The fall sale season is in full swing. For buyers, that means studying catalogs, watching sale videos, traveling to the auction, and trying to get the best buy for open heifers and bred females. In the past, we’ve offered plenty of advice for purchasing seedstock -- don’t buy sight unseen, look beyond the photo, study the EPDs, and think carefully about what type of cattle fit your breeding program best.
READ: Study Up Before Bidding
While buyers are in control at a sale, what about the seller? Our family wrapped up our first female sale about a month ago, and it has me thinking about the time and labor it takes to put together a seedstock sale.
3 tips for sellers:
1. Take your time.
“One of the keys to a successful cattle sale is time,” says McClaren. “Time is critical in putting together a genetics program that customers can identify with. It takes years to test the genetics of any program, then market proven genetics, and develop a clear understanding of the needs of customers. Finally, it takes time to develop trust in the marketplace. As with anything in life, those things that have great value take time to create, develop, nurture and share.”
2. Happy customers are your best marketing tool.
“The good word from our customers is our best marketing,” says McClaren. “Happy customers mean they have purchased cattle that have been proven to be functional cattle, and they have produced profits for them. That is why we are in the genetics business – to help producers improve their programs so they can be more successful.”
3. Have an abundance of information in your catalog.
“They key to a good sale book is an offering of good cattle,” says McClaren. “We try to provide all the information a producer could possible need or want on every single animal.”
3 tips for buyers:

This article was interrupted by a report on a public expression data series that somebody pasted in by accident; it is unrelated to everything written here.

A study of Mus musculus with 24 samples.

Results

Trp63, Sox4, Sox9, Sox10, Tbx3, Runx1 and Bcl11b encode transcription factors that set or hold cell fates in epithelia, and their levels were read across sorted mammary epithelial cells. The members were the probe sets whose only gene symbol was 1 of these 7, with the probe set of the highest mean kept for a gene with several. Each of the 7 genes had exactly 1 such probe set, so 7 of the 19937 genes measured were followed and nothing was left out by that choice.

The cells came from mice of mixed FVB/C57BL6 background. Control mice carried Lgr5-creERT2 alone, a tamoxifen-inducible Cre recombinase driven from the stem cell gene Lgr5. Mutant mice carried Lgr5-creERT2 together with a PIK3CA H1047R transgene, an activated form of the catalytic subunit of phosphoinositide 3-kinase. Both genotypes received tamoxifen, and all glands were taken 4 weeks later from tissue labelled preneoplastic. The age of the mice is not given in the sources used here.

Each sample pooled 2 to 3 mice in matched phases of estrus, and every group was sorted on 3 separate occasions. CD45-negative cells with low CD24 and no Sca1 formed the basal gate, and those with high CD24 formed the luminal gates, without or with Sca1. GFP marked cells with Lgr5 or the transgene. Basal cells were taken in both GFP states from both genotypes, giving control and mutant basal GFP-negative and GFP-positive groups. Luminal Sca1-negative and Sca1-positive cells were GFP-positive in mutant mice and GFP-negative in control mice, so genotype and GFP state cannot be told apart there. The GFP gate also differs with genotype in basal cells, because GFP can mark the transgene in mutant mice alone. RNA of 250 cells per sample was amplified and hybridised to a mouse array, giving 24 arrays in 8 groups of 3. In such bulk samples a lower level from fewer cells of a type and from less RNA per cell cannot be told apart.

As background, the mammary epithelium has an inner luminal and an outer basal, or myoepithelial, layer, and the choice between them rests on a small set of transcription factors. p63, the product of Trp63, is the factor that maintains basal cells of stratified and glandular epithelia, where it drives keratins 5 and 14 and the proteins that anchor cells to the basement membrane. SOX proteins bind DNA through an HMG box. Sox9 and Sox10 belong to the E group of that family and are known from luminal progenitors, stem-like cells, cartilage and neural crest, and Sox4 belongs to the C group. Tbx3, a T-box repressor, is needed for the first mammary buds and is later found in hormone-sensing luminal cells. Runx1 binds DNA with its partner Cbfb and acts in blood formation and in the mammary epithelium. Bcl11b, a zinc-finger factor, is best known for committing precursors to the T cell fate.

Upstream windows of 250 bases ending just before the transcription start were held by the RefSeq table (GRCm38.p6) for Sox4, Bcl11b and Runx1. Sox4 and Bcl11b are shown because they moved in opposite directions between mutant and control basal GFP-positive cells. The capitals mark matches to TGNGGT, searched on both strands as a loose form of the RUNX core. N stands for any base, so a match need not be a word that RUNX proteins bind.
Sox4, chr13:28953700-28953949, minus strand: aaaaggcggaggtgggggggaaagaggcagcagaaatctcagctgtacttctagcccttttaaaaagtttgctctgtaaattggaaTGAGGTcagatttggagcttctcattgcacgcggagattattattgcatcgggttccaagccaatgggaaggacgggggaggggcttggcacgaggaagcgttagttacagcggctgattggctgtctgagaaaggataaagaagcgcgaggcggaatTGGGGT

1. Have a backup plan when buying.
“It is always good to remember that if a customer has a certain animal that he or she wants to buy, it is very likely that animal will also be targeted by other buyers,” says McClaren. “So, it is always good to have a Plan B, Plan C or even Plan D. That is why we believe it is important to sell cattle in volume. So, customers have ample numbers of good cattle and they can find exactly what they really want and are excited to acquire.”
2. Study the sale book closely.
“Study the sale book and videos,” says McClaren. “We encourage folks to call us ahead of time, so we can answer questions and fill them in on the latest information, like ultrasound data that is often collected within 30 days of the sale.”
3. See the cattle in person before buying.
“There is no substitute to viewing the cattle prior to the sale,” says McClaren. “We welcome people to come visit. It is always a helpful and fun experience.”
Have you attended any fall sales this year? If so, what have been prices on open and bred females? What have you been shopping for? Are you looking to expand by purchasing more females this year? Share your thoughts in the comments section below.
The opinions of Amanda Radke are not necessarily those of Beefmagazine.com or the Penton Farm Progress Group.